This one is my Mom’s original recipes and I have adapted it with just a few small tweaks. I am looking at (as I type) at the original recipe, with side notes, as printed and distributed to the five kids and families in a collection of family recipes compiled into what we all affectionately call “The Red Book”. It’s been around, and heavily used for what I think is close to fifteen years, if not longer.
This one is a real keeper. It was made as the Christmas Eve dinner for many years and it’s the first thing that I ever made for Michele; it was on our first date, a few moons ago. It’s elegant and creamy, and the sherry addition just about puts it over the top. Mom used to trim the crusts from white bread slices, butter them on one side and sort of push them down into muffin/cupcake tins and slow bake them at about 275° F until they are golden brown on the points and warm and moist in the middle: toast cups! Frozen puff-pastry shells work real well, too!
Any combination of about three pounds of assorted seafood: Medium shrimp, cooked, peeled, and deveined, fresh scallops (sea or bay), white fish, lobster meat, or lump crab meat
2 cups water
2 cups of white wine
1 jar of clam juice
1 small onion, peeled and quartered
1 bay leaf
1 TBSP fresh dill, chopped, or 1 tsp dry dill
A pinch of salt
4 TBSPS flour
4 TBSPS butter
½ pint of half-and-half, or heavy, cream
½ cup of cooking sherry
Fresh grated nutmeg, just a couple of pinches
Salt and fresh ground white pepper to taste
Toast cups, or puff-pastry shells
Make a stock with the water, wine, clam juice, onion, peppercorns, bay, dill, and salt in a large saucepan over medium to low heat. Bring just to a simmer, and poach your various seafoods according to the length of time it takes to cook each type. A general rule of thumb would be the firmer cooking first and the more tender-fleshed last. Shrimp take longer than fish, depending on the thickness of the cut of fish, and scallops cook really fast. They are usually tender cooked in about two minutes. The general idea, give or take a couple of minutes, is that you want all of your seafoods to be done at about the same time and you want to treat them all as gently as possible. When done, strain the stock to separate the fish from the liquid, leaving only the liquid. Reserve the stock liquid and pick the bay leaf, onion, and peppercorns from the fish. Cover the fish to keep it warm.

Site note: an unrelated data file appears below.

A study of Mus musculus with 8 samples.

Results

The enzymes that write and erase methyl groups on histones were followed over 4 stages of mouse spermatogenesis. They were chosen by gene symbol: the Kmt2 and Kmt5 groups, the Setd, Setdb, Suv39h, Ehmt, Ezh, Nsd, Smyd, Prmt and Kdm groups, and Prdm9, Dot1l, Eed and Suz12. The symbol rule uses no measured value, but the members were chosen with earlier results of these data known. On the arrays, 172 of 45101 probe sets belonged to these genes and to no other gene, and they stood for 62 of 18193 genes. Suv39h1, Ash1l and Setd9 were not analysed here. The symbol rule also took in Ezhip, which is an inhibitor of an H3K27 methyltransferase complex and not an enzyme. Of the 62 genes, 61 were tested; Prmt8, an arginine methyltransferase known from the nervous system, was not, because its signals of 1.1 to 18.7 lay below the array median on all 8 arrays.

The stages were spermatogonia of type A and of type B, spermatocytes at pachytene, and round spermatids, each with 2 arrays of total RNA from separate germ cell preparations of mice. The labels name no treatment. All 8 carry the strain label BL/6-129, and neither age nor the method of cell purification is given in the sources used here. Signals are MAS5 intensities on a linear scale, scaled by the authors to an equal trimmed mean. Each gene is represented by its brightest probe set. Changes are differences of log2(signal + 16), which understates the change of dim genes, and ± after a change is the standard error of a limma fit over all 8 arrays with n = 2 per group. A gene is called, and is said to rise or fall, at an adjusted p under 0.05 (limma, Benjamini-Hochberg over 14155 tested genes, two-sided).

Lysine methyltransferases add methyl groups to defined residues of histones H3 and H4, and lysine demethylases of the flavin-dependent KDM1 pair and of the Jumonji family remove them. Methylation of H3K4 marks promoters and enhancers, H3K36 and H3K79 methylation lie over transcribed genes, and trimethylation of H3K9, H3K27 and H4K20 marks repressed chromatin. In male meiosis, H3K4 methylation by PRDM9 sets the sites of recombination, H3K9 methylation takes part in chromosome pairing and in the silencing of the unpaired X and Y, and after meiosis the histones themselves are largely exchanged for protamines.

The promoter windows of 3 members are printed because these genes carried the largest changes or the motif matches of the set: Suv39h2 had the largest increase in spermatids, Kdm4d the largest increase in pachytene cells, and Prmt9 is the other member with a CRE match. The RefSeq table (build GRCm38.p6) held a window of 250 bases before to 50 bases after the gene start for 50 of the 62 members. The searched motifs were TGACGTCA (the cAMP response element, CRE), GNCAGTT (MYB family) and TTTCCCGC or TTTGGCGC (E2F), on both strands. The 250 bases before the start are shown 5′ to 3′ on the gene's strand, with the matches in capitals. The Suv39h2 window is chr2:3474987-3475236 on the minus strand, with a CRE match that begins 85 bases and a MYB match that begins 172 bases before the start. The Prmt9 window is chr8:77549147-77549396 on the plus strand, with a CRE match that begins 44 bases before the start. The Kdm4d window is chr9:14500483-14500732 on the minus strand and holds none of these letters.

In another large saucepan, melt the butter over medium to low heat, being careful not to burn it. Sprinkle the flour into the melted butter and whisk together. Let the mixture foam and cook until it just begins to turn a light golden brown. Add the cream and the sherry, stirring after each addition to make sure there are no lumps. Slowly add some of the fish stock to your white sauce until it reaches a creamy, gravy-like, consistency. Season the sauce with the nutmeg and salt and pepper to taste. (If you use black pepper here, the small black specks will show in your sauce, which can be visually misleading.) Add the seafood to the sauce and gently stir in to avoid breaking up the seafood into a whole mess of tiny fish flakes. Stir from the bottom of the pot, with a spatula, to fold the sauce into the seafood. Simmer for a few minutes more to make sure that it is heated through. Serve hot in toast cups or puff-pastry shells. Enjoy!